Hamilton County Board of Education Passes Costly, Controversial Plan

Members of the Hamilton County Board of Education want to spend nearly half a million dollars of taxpayer money on consulting work that possibly isn’t necessary, according to The Chattanooga Times Free Press.

The money, the newspaper went on to say, will “assess the condition of the district’s facilities,” and develop a plan for new projects and maintenance.

Board members voted six to two in favor of the plan, despite what The Time Free Press said was “heated disapproval” from District One Board Member Rhonda Thurman.

The money, $337,915, will pay MGT Consulting Group “to conduct a multi-layered audit of the district’s buildings and their maintenance needs” according to the paper.

Exactly $149,930, meanwhile will go “to study and predict future growth and capacity,” The Times Free Press reported.

The paper quoted Thurman as saying the school district “didn’t need external consultants to inform them about the state of the schoolsbecause it has done that work before and those funds could be better used to actually fix problems.”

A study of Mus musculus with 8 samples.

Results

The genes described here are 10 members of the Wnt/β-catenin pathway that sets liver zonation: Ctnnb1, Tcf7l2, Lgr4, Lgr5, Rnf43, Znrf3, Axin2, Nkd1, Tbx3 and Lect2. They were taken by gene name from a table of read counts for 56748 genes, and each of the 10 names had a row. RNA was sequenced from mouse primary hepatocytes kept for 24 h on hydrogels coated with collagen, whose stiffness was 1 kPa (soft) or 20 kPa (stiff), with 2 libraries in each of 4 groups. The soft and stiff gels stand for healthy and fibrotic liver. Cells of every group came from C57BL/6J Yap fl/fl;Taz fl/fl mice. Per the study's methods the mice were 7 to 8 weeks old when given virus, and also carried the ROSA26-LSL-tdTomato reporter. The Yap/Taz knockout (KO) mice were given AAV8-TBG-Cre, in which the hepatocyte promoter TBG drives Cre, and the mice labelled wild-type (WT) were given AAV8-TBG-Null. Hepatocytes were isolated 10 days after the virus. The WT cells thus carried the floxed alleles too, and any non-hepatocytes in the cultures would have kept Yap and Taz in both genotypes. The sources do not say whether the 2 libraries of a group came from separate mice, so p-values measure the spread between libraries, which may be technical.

“The price tag on this is staggering. … We’re spending $500,000 for someone from out of town to come in and tell us what we should already know,” Thurman said, according to The Times Free Press.

“I don’t need someone to tell me what’s wrong with Soddy-Daisy Middle. I know what’s wrong with Soddy-Daisy Middle.”

Board members approved an additional $33,500 for the local Franklin Architects “to assess and design safer entrances at many of the district’s schools,” the paper said.

The Times Free Press went on to say visitors can now openly access the school and its students “without first encountering a front office or an adult.”

The plan would cost taxpayers about $6,500 per school, Superintendent Bryan Johnson told the paper.

“The district has not hired an outside firm to complete an external audit of its facilities since the 1990s, but last year it received $100 million in bond funds from the Hamilton County Commission to go toward capital projects and maintenance,” according to The Times Free Press.

“District leaders, including Johnson and facilities director Justin Wit, said Thursday the school system has already estimated another $200 million or more is needed in deferred maintenance costs.”

Photo “Hamilton County Courthouse” by Brian Stansberry. CC BY3.0.